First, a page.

News of Titanic sinking reaches New Zealand

16 April 1912

RMS Titanic undergoing sea trials in Belfast
RMS Titanic undergoing sea trials in Belfast (Wikimedia)

More than a century after it sank on its maiden voyage after hitting an iceberg, our fascination with the Titanic continues. In April 2012 the cruise ship Braemar sailed from Southampton on a sold-out ‘Titanic Memorial Cruise’. Closer to home, Wellingtonians enjoyed a Titanic-themed dinner. Across the ditch, Melburnians were promised ‘the most fun you will have in one night’ at the Titanic Theatre Restaurant.

Canterbury businessman J.A. Frostick had booked a berth on the Titanic’s maiden voyage, but fortunately had to change his travel plans at short notice. Although no New Zealanders were aboard the world’s largest passenger ship when it sank in the frigid North Atlantic with appalling loss of life due to a lack of lifeboats, they followed the news closely.

How New Zealanders followed the news in 1912

16 April (15 April northern hemisphere):
The first news came by cable and was necessarily brief. The Marlborough Express was wildly optimistic.

17 April:
A day later, the optimism had evaporated. The Feilding Star captured the sense of shock.

18 April:
At public meetings throughout the country, New Zealanders responded to the disaster, as the Evening Post reported.

In the days that followed, politicians, mayors and service clubs offered their condolences to their fellow Britons. Led by Dunedin, several centres held benefit concerts to aid survivors. The Titanic’s sinking had an immediate impact on New Zealand’s biggest business, the Union Steam Ship Company. One of the empire’s major shipping lines, it had offices in London and Glasgow, where it usually had at least one ship under construction.

The company’s London office began by matching the 100-guinea (equivalent to more than $18,000 in 2020) donations being made by the other big British shipping lines. On 24 April, with bodies still being recovered from the Atlantic, the company’s Dunedin-based management wrote to the minister of marine in Wellington ‘detailing what the Company are doing to provide full accommodation for all souls on board our steamers’.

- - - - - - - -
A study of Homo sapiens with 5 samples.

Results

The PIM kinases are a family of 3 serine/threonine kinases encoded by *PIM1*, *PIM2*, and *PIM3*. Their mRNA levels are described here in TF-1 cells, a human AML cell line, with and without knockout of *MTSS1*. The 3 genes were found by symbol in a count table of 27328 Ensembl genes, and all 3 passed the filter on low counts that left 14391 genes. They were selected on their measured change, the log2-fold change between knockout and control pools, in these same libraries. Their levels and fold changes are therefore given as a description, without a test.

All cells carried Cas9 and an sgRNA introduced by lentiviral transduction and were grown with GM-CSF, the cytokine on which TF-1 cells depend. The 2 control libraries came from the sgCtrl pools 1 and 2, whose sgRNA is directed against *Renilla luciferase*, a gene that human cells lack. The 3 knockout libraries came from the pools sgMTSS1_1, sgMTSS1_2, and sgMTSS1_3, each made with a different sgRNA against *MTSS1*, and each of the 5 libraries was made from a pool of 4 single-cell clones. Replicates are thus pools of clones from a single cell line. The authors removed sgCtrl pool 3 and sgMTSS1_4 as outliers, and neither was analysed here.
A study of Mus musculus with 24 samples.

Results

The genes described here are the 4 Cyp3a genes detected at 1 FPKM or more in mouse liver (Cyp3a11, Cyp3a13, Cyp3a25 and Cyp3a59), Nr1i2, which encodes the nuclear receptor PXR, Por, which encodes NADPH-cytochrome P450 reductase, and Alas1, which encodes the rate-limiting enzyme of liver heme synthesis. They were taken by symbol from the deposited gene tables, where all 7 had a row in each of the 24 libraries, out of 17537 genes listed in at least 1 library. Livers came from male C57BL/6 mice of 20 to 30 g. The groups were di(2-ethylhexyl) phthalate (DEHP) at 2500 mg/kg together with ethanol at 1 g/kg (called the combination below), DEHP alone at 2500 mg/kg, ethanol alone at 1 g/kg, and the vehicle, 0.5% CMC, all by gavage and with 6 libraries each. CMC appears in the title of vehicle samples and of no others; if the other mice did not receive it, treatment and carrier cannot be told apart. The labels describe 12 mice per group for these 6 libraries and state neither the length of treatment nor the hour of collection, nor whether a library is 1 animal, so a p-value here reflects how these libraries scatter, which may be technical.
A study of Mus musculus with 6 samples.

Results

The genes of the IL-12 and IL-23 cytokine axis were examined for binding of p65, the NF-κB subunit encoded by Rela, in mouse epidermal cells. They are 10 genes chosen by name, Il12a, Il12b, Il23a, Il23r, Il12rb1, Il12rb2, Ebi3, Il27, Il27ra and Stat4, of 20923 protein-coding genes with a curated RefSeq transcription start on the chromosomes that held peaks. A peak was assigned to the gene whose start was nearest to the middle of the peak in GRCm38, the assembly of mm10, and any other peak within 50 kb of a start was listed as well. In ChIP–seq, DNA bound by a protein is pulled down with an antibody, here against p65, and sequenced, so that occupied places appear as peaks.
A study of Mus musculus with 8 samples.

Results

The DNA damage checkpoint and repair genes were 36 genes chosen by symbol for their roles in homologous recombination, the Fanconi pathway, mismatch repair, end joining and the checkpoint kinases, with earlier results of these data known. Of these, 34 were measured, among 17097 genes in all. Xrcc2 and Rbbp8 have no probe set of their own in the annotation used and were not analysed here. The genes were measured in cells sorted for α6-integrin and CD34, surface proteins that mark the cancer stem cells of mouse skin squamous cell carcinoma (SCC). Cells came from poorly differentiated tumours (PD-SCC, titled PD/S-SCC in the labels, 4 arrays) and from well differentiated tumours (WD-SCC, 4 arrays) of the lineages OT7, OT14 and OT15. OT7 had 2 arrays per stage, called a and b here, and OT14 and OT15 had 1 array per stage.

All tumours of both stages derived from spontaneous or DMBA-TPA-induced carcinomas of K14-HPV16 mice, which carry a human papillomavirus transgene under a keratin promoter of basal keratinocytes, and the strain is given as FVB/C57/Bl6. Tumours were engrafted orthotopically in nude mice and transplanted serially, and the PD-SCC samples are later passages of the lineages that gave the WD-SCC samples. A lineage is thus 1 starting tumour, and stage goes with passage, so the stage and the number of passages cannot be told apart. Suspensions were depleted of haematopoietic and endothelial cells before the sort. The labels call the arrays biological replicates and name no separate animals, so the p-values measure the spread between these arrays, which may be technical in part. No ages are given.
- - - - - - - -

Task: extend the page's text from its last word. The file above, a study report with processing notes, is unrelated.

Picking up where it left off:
In fact, most of its ships needed little or no attention. The Union Company usually built new, ordering its major liners from leading Scottish shipyards.

It was also very safety-conscious. By the time of the Titanic’s fatal voyage, all its first-class passenger ships carried radios.

The same applied to lifesaving appliances. In 1905, for example, the British Board of Trade, which did not require ships to carry lifeboats for everyone aboard, had signed off the Union Company’s new liner Maheno as carrying a lifebelt for every one of its 533 passengers and crew. The ship’s 13 boats – also in excess of Board of Trade requirements – comprised a steam launch, 10 lifeboats and two ‘Berthon’ boats (collapsible lifeboats made of canvas).

In April 1912, the company decided that in addition to increasing capacity on the few liners not carrying sufficient lifeboats, it would add additional lifesaving appliances to complying vessels. The interisland ferry Maori, for example, which already carried eight lifeboats and an ‘accident’ boat, now gained two large collapsible lifeboats and eight rafts.

Spurred by the Titanic tragedy, New Zealand’s Marine Department moved to improve lifesaving equipment on the ships of other companies. Cruise liners leaving New Zealand ports still begin their voyages with lifeboat drills and carry boats and rafts for everyone – with room to spare.